Posted By Bob Unruh On 05/05/2014 @ 7:03 pm In Education,Faith,Front Page,Money,Politics,U.S. | No Comments


An Indiana-based company has decided not to hire any homeschool graduates, withdrawing a job offer from one candidate after discovering he was home educated, according to the Home School Legal Defense Association.

That’s despite the fact that assessments and evaluations for homeschool students routinely run higher than for public-school students.

HSLDA spokesman Michael Donnelly said NiSource, an energy-distribution company, informed HSLDA it would not hire homeschool graduates.

The decision was based on the company’s interpretation of state law.

Donnelly said he was told by NiSource legal counsel Adele O’Connor that the company “disagrees with the conclusions in your letter as to the legal requirements regarding a diploma,” established in Chapter 3313 of the Ohio Revised Code.

Donnelly, argued, however, that the section applies to public and chartered private schools, not homeschools.

“NiSource is wrongly using Ohio law as an excuse to defend its discriminatory hiring policy,” Donnelly said. “There is simply no legal impediment to NiSource hiring a homeschool graduate – especially the one in question here.”

He said Ohio law “clearly recognizes homeschooling as a legal and valid educational option.”

“To rescind an offer of employment to an otherwise qualified and experienced applicant who received a legally recognized education is unreasonable and discriminatory,” Donnelly said.

He explained that HSLDA got involved when the company, after having initially offered a job to the applicant, whose name was being withheld, withdrew the offer.

The organization wrote letters to the company explaining the benefits and validity of homeschooling, without results.

“In addition to graduating from homeschool in compliance with Ohio law, this applicant had years of relevant job experience and several key industry certifications. During his last two years of high school the applicant took seven courses at a recognized state college and made the dean’s list,” Donnelly said.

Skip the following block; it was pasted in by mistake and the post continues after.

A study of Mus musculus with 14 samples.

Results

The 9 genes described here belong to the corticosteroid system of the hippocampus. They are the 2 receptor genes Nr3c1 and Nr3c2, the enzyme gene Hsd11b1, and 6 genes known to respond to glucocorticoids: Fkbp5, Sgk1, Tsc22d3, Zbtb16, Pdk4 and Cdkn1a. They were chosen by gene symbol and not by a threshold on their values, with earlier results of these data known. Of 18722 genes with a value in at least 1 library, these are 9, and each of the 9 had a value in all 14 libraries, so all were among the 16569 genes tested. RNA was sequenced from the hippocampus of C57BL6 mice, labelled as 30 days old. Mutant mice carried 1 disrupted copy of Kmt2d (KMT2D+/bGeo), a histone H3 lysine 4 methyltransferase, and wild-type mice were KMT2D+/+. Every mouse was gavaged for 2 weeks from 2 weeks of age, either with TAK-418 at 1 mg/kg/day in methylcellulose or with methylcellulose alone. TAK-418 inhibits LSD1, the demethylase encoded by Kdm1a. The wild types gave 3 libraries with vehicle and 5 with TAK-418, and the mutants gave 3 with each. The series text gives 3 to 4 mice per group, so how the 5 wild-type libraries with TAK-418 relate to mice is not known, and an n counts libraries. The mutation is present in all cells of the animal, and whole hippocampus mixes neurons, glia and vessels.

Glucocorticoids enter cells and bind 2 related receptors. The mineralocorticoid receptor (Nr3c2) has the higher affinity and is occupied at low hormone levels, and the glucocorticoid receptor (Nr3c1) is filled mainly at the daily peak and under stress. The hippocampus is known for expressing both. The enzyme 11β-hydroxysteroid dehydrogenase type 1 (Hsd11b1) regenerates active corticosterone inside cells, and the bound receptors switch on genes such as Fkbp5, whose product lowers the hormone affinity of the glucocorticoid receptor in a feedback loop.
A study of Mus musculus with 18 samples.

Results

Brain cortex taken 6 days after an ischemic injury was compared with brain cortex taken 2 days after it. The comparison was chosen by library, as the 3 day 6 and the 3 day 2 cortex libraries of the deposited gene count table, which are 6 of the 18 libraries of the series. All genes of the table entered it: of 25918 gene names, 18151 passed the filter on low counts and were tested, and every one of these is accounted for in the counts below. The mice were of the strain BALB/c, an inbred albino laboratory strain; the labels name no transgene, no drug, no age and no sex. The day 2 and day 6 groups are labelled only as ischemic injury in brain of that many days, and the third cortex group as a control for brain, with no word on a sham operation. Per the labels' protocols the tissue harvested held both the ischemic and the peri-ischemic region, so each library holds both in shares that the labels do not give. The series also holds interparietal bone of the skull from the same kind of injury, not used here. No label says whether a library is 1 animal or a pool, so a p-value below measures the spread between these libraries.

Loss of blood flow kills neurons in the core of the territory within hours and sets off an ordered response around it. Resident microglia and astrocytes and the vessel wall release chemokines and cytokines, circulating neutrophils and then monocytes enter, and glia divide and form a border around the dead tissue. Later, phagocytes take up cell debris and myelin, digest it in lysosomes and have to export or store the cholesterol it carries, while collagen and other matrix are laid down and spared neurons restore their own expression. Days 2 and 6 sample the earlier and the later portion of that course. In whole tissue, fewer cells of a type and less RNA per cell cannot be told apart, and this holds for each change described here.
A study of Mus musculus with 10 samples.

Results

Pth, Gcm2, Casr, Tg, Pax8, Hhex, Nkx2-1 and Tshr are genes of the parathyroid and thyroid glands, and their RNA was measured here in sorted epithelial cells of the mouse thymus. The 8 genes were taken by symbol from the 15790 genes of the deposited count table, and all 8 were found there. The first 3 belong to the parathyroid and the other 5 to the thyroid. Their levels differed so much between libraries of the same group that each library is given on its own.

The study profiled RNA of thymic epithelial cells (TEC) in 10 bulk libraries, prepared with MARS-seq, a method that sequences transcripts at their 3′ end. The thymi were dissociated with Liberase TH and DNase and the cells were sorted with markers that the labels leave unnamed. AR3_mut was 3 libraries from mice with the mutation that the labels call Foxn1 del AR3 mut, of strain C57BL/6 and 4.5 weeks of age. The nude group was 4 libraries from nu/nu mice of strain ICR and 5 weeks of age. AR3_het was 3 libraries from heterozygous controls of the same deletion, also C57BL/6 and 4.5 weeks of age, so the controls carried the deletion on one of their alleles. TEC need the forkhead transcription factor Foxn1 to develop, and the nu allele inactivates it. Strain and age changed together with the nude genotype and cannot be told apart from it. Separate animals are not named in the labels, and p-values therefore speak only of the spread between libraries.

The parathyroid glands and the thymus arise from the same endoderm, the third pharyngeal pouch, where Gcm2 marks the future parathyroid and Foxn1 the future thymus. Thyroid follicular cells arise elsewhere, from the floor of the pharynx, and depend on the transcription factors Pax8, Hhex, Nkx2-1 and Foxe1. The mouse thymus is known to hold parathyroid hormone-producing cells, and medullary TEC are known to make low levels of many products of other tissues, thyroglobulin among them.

Donnelly said HSLDA has been working with homeschool advocates in Ohio to seek legislative action to “prevent this kind of discrimination.”

“The problem may indicate more than just discrimination against homeschoolers,” he said.

“This situation reflects the precise concern that motivates HSLDA’s opposition to the Common Core and its ‘college- and career-ready’ standards – that qualified homeschool graduates who don’t have a state-issued credential will be discriminated against in employment decisions.”

He said HSLDA opposes Common Core because it creates a system based on nationalized standards, assessment and data collection that could negatively affect homeschool graduates and job seekers.

“Research indicates that homeschooled students are well prepared academically and socially for careers and college,” Donnelly argued. “Hiring decisions should be made based on an individual’s qualifications, not a policy that discriminates against an entire class of people based on how they were educated.”

He added that HSLDA “affirms the right of private companies to create their own hiring policies, which may include evaluating the academic credentials of prospective applicants.”

“However, NiSource’s discriminatory practice reflects a narrow-minded and statist view of education that is inconsistent with the values of a free society.”

NiSource responded to a WND request for comment after the story was posted online, stating, “We support the pursuit of non-traditional education. Across NiSource, we’re pleased to hire homeschooled candidates with a GED or officially recognized diploma. Like other hiring requirements, we need a recognized, objective, across-the-board means to verify educational qualifications.”

Home-school.com notes that in public schools, the average scores for reading, language and math is at 50 percent.

But homeschoolers score in the 89 percentile in reading, 84th in language, 84th in math and 86th in science.

As college freshman, they carry a grade point average of 3.41, compared to the 3.12 for other students. As seniors, they outscore others 3.46 to 3.16.

According to the National Home Education Research Institute, “Homeschool students score above average on achievement tests regardless of their parents’ level of formal education,” and they also “typically score above average on the SAT and ACT tests.”

“The research based on adults who were home educate is growing; thus far it indicates that they: participate in local community service more frequently than does the general population, vote and attend public meetings more frequently than the general population, and go to and succeed at college at an equal or higher rate than the general population.”

HSLDA’s own pages of stats on home education reveal that in Pennsylvania, homeschooled students on the state standardized test scored in the 89th percentile for reading, 87th for science and 81st for social studies.

The report said: “Homeschooling works. Even many of the State Departments of Education, which are generally biased toward the public school system, cannot argue with these facts. Not only does homeschooling work, but it works without the myriad of state controls and accreditation standards imposed on the public schools.”